By Kathy Dean
Every Labor Day weekend, I ignore my better judgment to be one of the multitudes at Dragon Con. The four-day event, Aug. 30 – Sept. 2, in the heart of Atlanta attracts all manner of fringe folk from around the country and gives us the space and permission to celebrate our passions out loud and in the center of the city. For me, it’s worth the traffic and the jostling.
The whole weekend is a wild mash-up of sci-fi, film, LARPs, goth, gamers, horror, steampunk and all other aspects of pop and sub-cultures, but Dragon Con’s roots are in fantasy writers and gaming. The original 1987 convention drew 1,200 people to the Piedmont Plaza Hotel (now the Sol Melia Hotel) to meet guests that included writer Michael Moorcock and Dungeons & Dragons co-creator Gary Gygax. In 1989, the con moved to accommodate the 2,400 people who came to see guest of honor Anne McCaffrey. The following year, the fan count doubled, in large part to see Tom Clancy.
These days, the attendance hits around 50,000, the events are spread out over five host hotels – Hyatt Regency Atlanta, Hilton Atlanta, Atlanta Marriott Marquis, Sheraton Atlanta Hotel and Westin Peachtree Plaza Hotel – and there are panels and workshops in more than 30 specific tracks, including Science, Skeptics, Anime/Manga, Whedonverse, American Sci-Fi and Horror. It’s no longer just about expressing your love of your adopted subculture; you can now expand your knowledge with the how-to tracks, like writing, podcasting, costuming, game programming and puppetry.
I was unaware of all the hoopla until the late ‘90s, when a friend visiting from Chicago came to stay with me while she attended the con. Since transportation wasn’t as available as she’d expected, my sister and I wound up driving with her into the city. We knew we were getting close when we saw groups of people with light sabers and capes. It amused us to see the fans so involved with their favorite pop culture characters, so we dubbed it “Nerd-fest.”
And then I saw him – Barnabas Collins from Dark Shadows. Okay, it was someone dressed as Barnabas, Frid-style from the 60’s, with the jagged bangs, walking stick, black stone ring and fangs. Every little drop of condescension evaporated away as I chased him down and made him pose for a photo. A few steps later, I looked across the street and saw a man sporting pigtails, a red and white gingham dress and cap, and carrying a hand puppet. I immediately raced over, yelling, “Oh, my God! You’re Rimmer from Red Dwarf, series 5, episode 4!”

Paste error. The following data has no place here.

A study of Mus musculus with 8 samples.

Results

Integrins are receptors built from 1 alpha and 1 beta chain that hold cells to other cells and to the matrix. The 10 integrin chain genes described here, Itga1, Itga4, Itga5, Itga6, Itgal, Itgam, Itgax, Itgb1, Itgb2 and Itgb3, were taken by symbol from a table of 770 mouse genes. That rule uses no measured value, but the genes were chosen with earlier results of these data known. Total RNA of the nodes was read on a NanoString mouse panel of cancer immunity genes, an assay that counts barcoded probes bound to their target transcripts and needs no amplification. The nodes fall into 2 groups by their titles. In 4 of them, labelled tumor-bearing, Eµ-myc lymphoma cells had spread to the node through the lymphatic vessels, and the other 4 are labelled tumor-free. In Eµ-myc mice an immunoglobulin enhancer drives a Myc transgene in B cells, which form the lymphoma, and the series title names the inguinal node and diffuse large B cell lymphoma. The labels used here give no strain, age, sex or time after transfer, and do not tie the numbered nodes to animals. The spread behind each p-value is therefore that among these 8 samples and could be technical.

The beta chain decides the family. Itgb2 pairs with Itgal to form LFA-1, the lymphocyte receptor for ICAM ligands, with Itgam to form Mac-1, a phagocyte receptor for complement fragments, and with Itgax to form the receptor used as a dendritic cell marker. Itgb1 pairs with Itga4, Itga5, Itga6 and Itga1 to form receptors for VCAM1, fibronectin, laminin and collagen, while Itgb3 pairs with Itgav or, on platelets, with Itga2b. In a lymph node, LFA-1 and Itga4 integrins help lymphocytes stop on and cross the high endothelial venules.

It was then and there that I knew I was among my people. My sister was still unimpressed, at least until she bumped into the living embodiment of the Child Catcher from Chitty Chitty Bang Bang. It was a character that alternately terrified and enthralled her, and she made me snap a picture of her beside him and his kid-sized net. At that point, we both embraced our inner nerd.
With each passing year, Dragon Con grew in size and scope, and every Labor Day, I’d drag a few more friends with me into the heart of Atlanta. We’d go to the parade, where we could watch Captain Jack Sparrow swill beer and chase wenches as all the Doctor Who regenerations marched with their companions and a Dalek or two. Superman, Batgirl and Flaming Carrot waved at the kids. The Netherworld float belched smoke, the Ghostbuster car blared its theme song and Pastafarians promoted the Flying Spaghetti Monster. Klingons mingled with Imperial Stormtroopers and Halo soldiers along the whole parade route. Then we’d eat lunch in the hotel cafe and play “name that costume.”
One year, a friend and I were looking for the Walk of Fame and turned into one of the gaming rooms by mistake. She took a long look at the huddled masses surrounding game boards, dealing cards, clutching joysticks and rolling eight-sided die. After a pause, she sighed, “I’ll bet every one of my ex-boyfriends is here.” If so, not one of them noticed of her.
There’s always a mind-boggling line up of guests and sometimes there’s one I just can’t pass up, like artist Roger Dean. That’s when I spring for a membership. The cost is a bit high and the hours of waiting in line are grueling. But I got my print signed by Roger, in person, and I got to tell him how much I loved his work. Totally worth it.
One year, I even managed to save up enough money to share a hotel room with friends. It was a challenge, from trying to reserve the room before they all filled up to cramming onto the elevators with Stormtroopers. Still, there was a place to go to so I could catch my breath between the robot battles and haunting the Crüxshadows booth. (I was trying to decide which CD to buy and if I really needed the knitted goth teddy bear.) And to be fair, you never know who might cram onto the elevator with you. At one point, if I’d stuck out my tongue, I would have licked the back of James Marsters’ neck (That’s Spike from Buffy the Vampire Slyer). It was a temptation.
The thing about Dragon Con is that the lines are long, the costumes are hot and the crowds are intimidating. I heartily recommend it. Where else can you see proud parents hand over a 6-month-old baby to a fully decked out, 7-foot Predator to get a souvenir photo?
For more about Dragon Con and this year’s line-up of celebrity guests, workshops and events, visit dragoncon.org.